Lollipop top surgery is a type of chest reconstruction top surgery, formerly referred to as FTM top surgery, that is similar to periareolar top surgery but with an additional vertical incision. This article provides information on how the lollipop surgery technique is performed. We also cover the risks and benefits of this method including top surgery scar appearance and additional skin tissue removal. Find out if you are a good candidate for this gender affirming surgery here.
The lollipop incision surgery technique is an infrequently used procedure for chest reconstruction top surgery. This technique allows for a moderate amount of skin to be removed through the combination of a circular incision around the areola and a vertical incision which extends down the chest from the underside of the areola. It is similar to a periareolar procedure, but can be performed on a narrow subset of patients who have a bit of extra skin tissue and who have no need to lift the position of the nipple, and who might otherwise not be candidates for a periareolar incision.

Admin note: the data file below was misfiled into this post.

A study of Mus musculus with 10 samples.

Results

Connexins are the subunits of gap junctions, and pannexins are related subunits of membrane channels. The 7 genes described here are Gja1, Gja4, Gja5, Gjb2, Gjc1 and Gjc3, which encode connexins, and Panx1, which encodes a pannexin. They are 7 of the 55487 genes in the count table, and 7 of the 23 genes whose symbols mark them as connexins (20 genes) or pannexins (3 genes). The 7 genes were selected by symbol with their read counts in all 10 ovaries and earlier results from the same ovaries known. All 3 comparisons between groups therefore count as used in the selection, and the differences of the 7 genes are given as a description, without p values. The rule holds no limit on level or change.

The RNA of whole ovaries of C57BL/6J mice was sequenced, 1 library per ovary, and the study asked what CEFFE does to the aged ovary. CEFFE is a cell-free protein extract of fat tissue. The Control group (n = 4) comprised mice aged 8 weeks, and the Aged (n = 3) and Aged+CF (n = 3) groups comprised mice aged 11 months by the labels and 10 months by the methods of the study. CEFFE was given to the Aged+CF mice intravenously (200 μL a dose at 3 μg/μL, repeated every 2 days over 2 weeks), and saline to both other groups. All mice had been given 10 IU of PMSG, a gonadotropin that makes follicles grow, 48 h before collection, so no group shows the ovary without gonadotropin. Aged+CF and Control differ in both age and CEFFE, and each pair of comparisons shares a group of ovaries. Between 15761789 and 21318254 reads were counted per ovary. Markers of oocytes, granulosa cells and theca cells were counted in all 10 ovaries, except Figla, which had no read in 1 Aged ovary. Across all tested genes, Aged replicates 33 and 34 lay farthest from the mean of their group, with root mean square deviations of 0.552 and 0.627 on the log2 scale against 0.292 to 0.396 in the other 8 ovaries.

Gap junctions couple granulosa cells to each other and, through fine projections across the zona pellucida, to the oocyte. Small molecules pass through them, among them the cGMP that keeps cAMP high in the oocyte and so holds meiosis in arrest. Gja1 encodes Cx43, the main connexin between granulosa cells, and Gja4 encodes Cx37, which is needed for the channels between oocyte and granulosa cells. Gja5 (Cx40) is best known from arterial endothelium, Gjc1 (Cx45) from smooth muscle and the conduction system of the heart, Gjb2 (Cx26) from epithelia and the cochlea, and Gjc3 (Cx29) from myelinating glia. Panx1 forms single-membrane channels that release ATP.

In this procedure, many steps are similar to the periareolar incision. The areola is resized and an outer circle is designed to accommodate some of the skin excision. The lower portion of an ellipse (oval) is designed in the lower chest area to reduce even more skin. Then, much like in a periareolar incision procedure, the outermost layer of skin is removed and then the surgeon makes a deeper incision through which all chest tissue is removed.
Then the outer circle is brought down closer to the inner circle of the areola and the edges of the wedge of skin in the lower portion of the chest is closed, leaving the vertical incision. As with most other top surgeries, drains are typically placed for a one week following a lollipop incision surgery.
Some people may perceive the vertical incision as a negative part of this procedure. However, others believe this shorter incision is preferable to a double incision procedure, so the lollipop incision might be the only option if the patient is not a candidate for a periareolar incision. Ultimately, as with all other surgeries, the appropriateness of a particular choice involves a thorough discussion with your surgeon to decide which procedure is best for you.